Sister Plautilla Nelli (1524–1588) was a self-taught nun-artist and the first-known female Renaissance painter of Florence, Italy. She was a nun of the Dominican convent of St. Catherine of Siena located in Piazza San Marco, Florence, and was heavily influenced by the teachings of Savonarola and by the artwork of Fra Bartolomeo.
Pulisena Margherita Nelli was born into a wealthy family in Florence, Italy. Her father, Piero di Luca Nelli, was a successful fabric merchant and her ancestors originated from the Tuscan valley area of Mugello, as did the Medici dynasty. There is a modern-day street in Florence, Via del Canto de’ Nelli, in the San Lorenzo district, named for her family, and the New Sacristy of the Church of San Lorenzo is the original site of her family homes.
She became a nun at the age of fourteen, taking on the name Suor Plautilla. Nelli's convent of Santa Caterina da Siena, of which she was prioress three times, was managed by the Dominican friars of San Marco, led by Savonarola. Savonarola's preachings promoted devotional painting and drawing by religious women to avoid sloth, thus the convent became a center for nun-artists. Her sister, also a nun, Costanza, (Suor Petronilla) wrote a life of Savonarola.
Nelli enjoyed the esteemed favor of many patrons (including women), executing large pieces and miniatures. Sixteenth-century art historian Giorgio Vasari wrote, “and in the houses of gentlemen throughout Florence, there are so many pictures, that it would be tedious to attempt to speak of them all." Fra' Serafino Razzi, a sixteenth-century Dominican Friar, historian and Savonaroliano (disciple of Savonarola), named three nuns of Santa Caterina as disciples of Plautilla, Suor Prudenza Cambi, Suor Agata Trabalesi, Suor Maria Ruggieri, and three others as additional producers: Suor Veronica, Suor Dionisia Niccolini, and his sister Suor Maria Angelica Razzi.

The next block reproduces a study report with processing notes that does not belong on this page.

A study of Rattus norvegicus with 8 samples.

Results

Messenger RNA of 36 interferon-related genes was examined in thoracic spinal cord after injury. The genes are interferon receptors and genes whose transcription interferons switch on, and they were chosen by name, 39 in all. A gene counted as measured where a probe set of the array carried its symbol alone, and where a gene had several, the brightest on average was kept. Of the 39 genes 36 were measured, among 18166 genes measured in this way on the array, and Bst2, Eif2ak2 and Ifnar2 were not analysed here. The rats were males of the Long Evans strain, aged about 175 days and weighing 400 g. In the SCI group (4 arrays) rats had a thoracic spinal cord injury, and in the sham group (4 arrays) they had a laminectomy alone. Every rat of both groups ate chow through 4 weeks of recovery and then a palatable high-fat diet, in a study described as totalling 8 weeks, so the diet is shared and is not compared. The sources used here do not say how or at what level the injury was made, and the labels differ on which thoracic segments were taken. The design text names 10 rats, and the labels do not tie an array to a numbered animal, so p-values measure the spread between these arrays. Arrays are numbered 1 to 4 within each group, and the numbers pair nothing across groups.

Though she was self-taught, Nelli copied works of the mannerist painter Agnolo Bronzino and high Renaissance painter Andrea del Sarto. Her primary source of inspiration came from copying works of Fra Bartolomeo, which mirrored the classicism-style enforced by Savonarola's artistic theories. Fra Bartolomeo left his drawings to his pupil, Fra Paolino who, in turn left them in the possession of "a nun who paints" in the convent of Santa Caterina da Siena.
Nelli's work is distinguished from that of her influencers by the heightened sentiment she adds to each of her characters' expressions. Author Dr. Jane Fortune referred to her Lamentation with Saints and the “raw emotional grief surrounding Christ’s death as depicted through the red eyes and visible tears of its female figures” as a case in point. Most of Nelli’s works are large-scale, which was most uncommon for a woman to paint, during her time period.
Nelli is one of the few female artists mentioned in Vasari's Lives of the Most Excellent Painters, Sculptors and Architects. Nelli's work is characterized by religious themes, with vivid portrayals of emotion on her characters' faces. Nelli lacked any formal training and her male figures are said to have “feminine characteristics”, as her religious vocation prohibited study of the nude male.